How are you faring during this, shall we say, unique, summer, my friend? Are you excited and relieved to be able to go more places with the restrictions slowly lifting? (Some places being more or less restricted than others.) Or, are you frustrated and drained with all the mask-wearing, social distancing, threat of illness to self and others, and virtual, instead of in-person, activities?
Quarantine fatigue is a phenomenon experienced by many during these times, and can include increased anxiety, decreased energy, social withdrawal, among other symptoms (https://www.massgeneral.org/news/coronavirus/quarantine-fatigue).
In an article put out by Massachusetts General Hospital (see link above), tips for coping with quarantine fatigue include practicing mindfulness, self-care through healthy diet, sleep regime, and exercise, and connecting with others. Many of my clients have found these very useful, as have I. However, there is something else I want to address:
How are you feeling lately? How is your body feeling lately? I was reflecting how in this current summer of the pandemic, so much has become virtual and nonphysical (for good reason), and the truth is, so much of this takes a toll. The boom in video chat and online forms of communication has been undeniably helpful to our society as a way to maintain connections while preserving safety. However, this new practice of virtual relationships can contribute to experiencing increased isolation and quarantine fatigue, and also can lead to a feeling of disconnection from one’s body and physical senses.
The threat of contamination can create a certain psychological affect: chronic thoughts and feelings of threats or danger. Some of this is helpful to keep our wits about us and follow proper cleaning and hygiene guidelines. Some of these thoughts and feelings, however, may be affecting us in not-so-great ways though. The lack of our usual in-person engagement with others (for many, but not all of us), combined with constant reminders of the threat of contamination and ongoing media overload can add to feelings of anger, disorientation, decreased energy, and disconnection with our bodies.
So what can we do? I would like to suggest some holistic ways to ground and reconnect with ourselves and our bodies, (to add to the Massachusetts General Hospital solid list from above):
I am grateful to stay connected with you, reader. Thank you for reading!
In our Dream Circle this month, we will focus on using dreams for just the these topics: body awareness, nurturing, and grounding. The Intuitive Development Circle will empower you to expand your clairvoyant abilities, (which we could all use right now, more than ever)!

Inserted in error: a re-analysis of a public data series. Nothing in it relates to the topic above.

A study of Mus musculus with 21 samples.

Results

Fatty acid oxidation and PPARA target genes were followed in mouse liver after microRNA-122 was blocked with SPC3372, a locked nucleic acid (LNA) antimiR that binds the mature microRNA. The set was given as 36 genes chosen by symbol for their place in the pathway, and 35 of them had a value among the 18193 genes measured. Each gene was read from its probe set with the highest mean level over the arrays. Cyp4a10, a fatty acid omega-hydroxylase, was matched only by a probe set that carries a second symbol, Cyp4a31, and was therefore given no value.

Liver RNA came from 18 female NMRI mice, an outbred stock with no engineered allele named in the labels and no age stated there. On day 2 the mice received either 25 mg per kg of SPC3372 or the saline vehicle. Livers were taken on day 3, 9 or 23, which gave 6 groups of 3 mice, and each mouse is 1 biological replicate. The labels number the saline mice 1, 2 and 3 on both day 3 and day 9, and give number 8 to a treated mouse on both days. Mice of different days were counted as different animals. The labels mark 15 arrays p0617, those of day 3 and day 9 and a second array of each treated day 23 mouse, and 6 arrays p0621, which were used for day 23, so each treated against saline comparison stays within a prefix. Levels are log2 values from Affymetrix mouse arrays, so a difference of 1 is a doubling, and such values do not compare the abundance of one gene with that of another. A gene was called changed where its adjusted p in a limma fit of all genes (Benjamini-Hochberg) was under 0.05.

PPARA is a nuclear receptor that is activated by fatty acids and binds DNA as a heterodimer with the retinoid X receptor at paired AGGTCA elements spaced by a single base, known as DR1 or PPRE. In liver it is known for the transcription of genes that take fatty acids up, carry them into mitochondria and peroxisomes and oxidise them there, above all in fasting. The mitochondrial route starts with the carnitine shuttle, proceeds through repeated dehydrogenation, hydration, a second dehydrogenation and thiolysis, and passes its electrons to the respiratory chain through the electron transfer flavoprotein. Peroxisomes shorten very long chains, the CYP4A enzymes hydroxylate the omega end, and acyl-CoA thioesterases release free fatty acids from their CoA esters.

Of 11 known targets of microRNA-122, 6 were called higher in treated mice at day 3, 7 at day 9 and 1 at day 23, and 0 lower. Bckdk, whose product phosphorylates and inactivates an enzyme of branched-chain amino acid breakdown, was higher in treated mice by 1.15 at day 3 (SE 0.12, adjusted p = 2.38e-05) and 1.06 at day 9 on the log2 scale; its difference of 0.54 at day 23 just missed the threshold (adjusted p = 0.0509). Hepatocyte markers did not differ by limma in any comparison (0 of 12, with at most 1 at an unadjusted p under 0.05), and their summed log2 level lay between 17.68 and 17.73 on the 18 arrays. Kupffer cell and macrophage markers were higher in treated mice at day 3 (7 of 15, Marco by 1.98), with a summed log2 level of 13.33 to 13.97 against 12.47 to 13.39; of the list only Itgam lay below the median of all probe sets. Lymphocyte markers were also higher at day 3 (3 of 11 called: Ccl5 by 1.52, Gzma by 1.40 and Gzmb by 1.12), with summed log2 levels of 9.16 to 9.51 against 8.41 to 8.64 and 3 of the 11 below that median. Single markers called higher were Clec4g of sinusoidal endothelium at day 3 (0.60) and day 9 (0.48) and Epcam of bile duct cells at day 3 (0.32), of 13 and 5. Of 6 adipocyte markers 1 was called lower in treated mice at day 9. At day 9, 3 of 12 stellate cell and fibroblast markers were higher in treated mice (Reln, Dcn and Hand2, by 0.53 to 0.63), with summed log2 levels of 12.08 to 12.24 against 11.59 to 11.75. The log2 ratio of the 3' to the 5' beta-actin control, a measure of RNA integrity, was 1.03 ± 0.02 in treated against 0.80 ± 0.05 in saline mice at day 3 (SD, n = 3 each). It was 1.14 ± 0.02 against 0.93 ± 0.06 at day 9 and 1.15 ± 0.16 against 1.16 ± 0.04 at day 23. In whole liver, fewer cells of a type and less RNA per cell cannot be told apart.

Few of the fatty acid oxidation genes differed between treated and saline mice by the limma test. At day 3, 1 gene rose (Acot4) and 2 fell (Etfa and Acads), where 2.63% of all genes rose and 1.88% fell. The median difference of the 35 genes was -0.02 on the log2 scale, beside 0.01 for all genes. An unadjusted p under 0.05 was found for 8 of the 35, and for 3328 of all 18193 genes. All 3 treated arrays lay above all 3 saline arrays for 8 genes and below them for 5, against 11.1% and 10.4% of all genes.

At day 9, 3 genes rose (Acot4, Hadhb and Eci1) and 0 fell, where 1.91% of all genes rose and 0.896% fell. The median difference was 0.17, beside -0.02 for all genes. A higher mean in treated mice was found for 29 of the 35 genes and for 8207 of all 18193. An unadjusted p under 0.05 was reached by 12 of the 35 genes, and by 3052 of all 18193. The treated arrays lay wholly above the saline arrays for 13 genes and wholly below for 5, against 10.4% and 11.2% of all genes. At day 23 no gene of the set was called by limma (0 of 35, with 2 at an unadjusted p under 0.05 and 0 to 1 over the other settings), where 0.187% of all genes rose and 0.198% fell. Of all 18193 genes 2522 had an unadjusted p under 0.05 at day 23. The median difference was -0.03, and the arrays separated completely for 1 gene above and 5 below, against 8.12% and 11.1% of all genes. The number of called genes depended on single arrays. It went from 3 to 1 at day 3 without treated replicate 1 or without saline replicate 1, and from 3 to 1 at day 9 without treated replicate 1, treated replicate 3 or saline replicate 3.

I hope you can join us! Take care of yourself.
“Tidying is the act of confronting yourself.
I love this quote from the Japanese organizing consultant (she has a hit show on Netflix, Tidying Up with Marie Kondo). I have been decluttering and organizing this past month. I noticed, painful though it was, the end result has made a world of difference in my energy and quality of life. Honestly, I had a modest amount clutter or chaos in my office space and home, (it was not reality-show worthy, not quite at least!), but this small increase in order has left me feeling an undeniable increase in the flow of clarity and chi through my psyche and space.
I am reflecting this month how exposed we all have been to a huge amount media information lately, as well as social media activity, some of which is very important or empowering, some of which is rather anxiety-producing to the mind and body. Is this a form of clutter? I argue: yes, it is. (Or it can be!)
For many, the past few months of quarantine has forced a sort of slow down, “the great pause”, as many media groups have referred to it, and pushed some to face difficult physical or mental clutter that otherwise would have become lost in the chaos of this work-a-day world. This has certainly been the case for me, (at least to some extent). When forced to look at my own clutter, I have begun to ask myself:
What is cluttering my life?
What is the right amount of media exposure to being informed?
What commitments, thought patterns, or physical items are keeping me from putting my energy to better use?
I invite you to ask yourself these questions. (Of course, sometimes an investment in a particular commitment is not necessarily pleasant, but worth it, based on an important value or reason). Sometimes, unfortunately, confronting physical or nonphysical clutter involves confronting hard issues, such as our fear of hurting someone’s feelings, disapproval, rejection, facing our own limits, the uncomfortable prospect of making a change, letting go, or just being uncomfortable for a temporary period of time. Clearing and decluttering our mind, (media exposure!), space, and schedule has the potential for opening oneself up increased life energy, clarity, prosperity (according to the practice of feng shui, as I understand it), love, creativity, and balance. Is it worth it?
It might be time for a change!
As we come back out into the world from this quarantine, I pray you are protected and blessed, and that you take the lessons learned from these past four months and use them powerfully for the next chapter of your life.